From the Kitchen to the Clinic: A Story of Dialysis and Determination


Mickey speaks with honesty and authority through an intriguing accent that she describes as a New York Southern Drawl. She was raised in Brooklyn and studied as an apprentice chef in New Orleans.

You may have guessed that she loves to cook and to run a kitchen. “It’s like a big, organized dance,” she says.

She first moved to Seattle in 1991, working in some of the city’s best restaurants. She spent 10 years as the assistant executive chef at The Edgewater Hotel in downtown Seattle and was the first female executive chef at the Tulalip Casino. She recently retired after 25 years of cooking. Standing and serving up over 2,500 plates a night took a physical toll on Mickey, and it was her rheumatoid arthritis that ultimately caused her to hang up her apron.

Mickey’s kidney problems stem from a rare type of infant diabetes, which has plagued her family for six generations. She started dialysis a year and a half ago, doing in-center hemodialysis three times a week.

“Dialysis doesn’t mean you can’t live a long life,” Mickey says. “It’s not a death sentence, but part of life.”

Mickey recently switched from in-center treatments to peritoneal dialysis (PD), a type of dialysis done at home. With peritoneal dialysis, waste in the blood is cleansed through the lining of the abdomen. PD cycles are done multiple times each day; this form of treatment more closely mimics healthy kidneys which work around the clock.

As a home patient, she likes having the additional flexibility in her schedule and being in charge of her treatments. As someone who has spent their career multitasking in professional kitchens, managing her PD treatments is no problem. While dialyzing at home requires a big commitment, it was one well worth making for Mickey who has seen improved kidney function since starting PD.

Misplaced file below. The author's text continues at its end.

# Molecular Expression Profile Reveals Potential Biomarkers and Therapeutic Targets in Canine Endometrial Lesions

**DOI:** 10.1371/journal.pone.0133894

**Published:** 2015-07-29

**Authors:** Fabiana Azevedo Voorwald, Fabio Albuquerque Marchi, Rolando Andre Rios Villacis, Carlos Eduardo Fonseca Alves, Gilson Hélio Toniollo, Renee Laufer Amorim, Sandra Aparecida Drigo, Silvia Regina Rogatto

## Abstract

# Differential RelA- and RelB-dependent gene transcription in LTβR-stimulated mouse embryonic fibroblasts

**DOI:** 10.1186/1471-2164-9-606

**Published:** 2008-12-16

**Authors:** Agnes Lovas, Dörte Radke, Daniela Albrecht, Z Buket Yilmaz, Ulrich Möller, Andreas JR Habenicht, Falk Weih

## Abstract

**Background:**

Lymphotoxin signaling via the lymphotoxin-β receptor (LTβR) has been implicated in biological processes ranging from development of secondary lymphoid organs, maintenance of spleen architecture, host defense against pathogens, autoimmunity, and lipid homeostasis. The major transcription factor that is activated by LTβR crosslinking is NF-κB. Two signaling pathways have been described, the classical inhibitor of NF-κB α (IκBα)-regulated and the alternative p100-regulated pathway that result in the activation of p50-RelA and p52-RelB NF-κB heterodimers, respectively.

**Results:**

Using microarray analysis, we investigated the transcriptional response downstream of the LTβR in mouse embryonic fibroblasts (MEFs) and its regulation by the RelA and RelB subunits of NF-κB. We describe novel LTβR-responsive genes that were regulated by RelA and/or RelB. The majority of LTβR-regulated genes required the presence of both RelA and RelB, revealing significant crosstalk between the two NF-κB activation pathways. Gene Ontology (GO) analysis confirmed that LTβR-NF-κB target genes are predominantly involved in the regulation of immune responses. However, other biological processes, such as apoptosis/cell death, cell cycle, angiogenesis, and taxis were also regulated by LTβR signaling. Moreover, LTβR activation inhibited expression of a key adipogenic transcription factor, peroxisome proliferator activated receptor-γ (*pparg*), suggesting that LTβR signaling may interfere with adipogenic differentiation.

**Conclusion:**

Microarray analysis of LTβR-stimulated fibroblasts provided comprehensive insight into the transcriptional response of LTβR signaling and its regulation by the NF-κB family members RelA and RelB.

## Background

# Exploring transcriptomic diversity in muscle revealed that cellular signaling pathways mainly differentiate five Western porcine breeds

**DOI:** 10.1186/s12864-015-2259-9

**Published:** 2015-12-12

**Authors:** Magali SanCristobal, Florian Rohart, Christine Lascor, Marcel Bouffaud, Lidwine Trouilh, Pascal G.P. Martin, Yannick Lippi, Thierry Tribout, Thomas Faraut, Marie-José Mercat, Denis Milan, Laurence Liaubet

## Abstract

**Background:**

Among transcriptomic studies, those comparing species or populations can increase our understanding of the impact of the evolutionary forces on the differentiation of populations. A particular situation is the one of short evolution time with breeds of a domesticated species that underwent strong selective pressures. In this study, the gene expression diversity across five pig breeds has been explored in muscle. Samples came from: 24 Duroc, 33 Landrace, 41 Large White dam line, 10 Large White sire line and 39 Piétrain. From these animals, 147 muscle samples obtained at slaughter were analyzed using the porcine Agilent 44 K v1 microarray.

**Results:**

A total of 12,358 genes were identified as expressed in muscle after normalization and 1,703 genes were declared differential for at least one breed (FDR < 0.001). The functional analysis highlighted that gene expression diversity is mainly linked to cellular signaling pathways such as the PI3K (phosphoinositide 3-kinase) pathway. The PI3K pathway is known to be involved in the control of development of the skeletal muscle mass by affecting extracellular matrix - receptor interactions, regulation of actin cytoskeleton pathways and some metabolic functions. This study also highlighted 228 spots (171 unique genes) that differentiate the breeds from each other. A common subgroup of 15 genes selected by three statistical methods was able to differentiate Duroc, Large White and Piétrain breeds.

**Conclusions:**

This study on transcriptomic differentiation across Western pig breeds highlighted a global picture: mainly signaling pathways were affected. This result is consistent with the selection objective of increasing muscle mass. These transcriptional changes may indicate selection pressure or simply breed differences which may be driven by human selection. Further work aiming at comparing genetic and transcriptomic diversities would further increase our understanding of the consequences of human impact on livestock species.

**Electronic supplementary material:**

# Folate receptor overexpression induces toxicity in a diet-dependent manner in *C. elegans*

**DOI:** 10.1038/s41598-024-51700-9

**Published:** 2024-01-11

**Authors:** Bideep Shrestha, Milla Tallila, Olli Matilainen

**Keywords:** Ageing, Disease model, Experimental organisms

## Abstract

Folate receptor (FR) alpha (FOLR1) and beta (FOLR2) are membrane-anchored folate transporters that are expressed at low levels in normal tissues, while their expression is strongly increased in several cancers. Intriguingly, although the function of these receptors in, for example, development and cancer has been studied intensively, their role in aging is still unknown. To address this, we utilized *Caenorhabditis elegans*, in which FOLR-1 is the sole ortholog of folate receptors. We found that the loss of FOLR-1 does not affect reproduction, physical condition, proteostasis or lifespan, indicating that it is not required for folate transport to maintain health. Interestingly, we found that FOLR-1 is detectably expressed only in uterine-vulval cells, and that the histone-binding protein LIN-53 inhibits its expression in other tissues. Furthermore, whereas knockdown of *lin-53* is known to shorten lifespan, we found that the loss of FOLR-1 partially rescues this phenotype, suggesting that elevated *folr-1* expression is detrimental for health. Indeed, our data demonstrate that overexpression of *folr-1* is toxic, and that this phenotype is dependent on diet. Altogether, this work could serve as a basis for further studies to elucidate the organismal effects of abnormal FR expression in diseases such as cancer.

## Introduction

“You want to live, so you make changes. It boils down to what do you think of your life,” says Mickey. “Switching to home has been a really positive experience. I have more time to do what I want to do like travel and play guitar. I would recommend it to anyone who is able to do it.”

In terms of her diet, she says “What I eat is mostly good. You gotta eat properly to stay within the goals. It’s mind over matter. What are you gonna put in your mouth?”

We all know that salt is tough on the kidneys and causes fluid retention. As tasty alternatives, Mickey recommends seasoning with tamarin, pepper, Mrs. Dash and Everything bagel seasoning. With all of the pre- and post-kidney disease dietary experience she’s gathered, Mickey says she’s interested in compiling a kidney-friendly cookbook.

“Unless you’ve been through it, it’s scary. You have to get this treatment and then you also have to eat differently,” she says.

Mickey would also love to mentor new dialysis patients. “NKC does what it does, but that won’t matter if you don’t do your part,” she says. “You have to want to live.”

She claims she’s just a positive person, not a philosopher. In either case Mickey has important things to share with her fellow patients.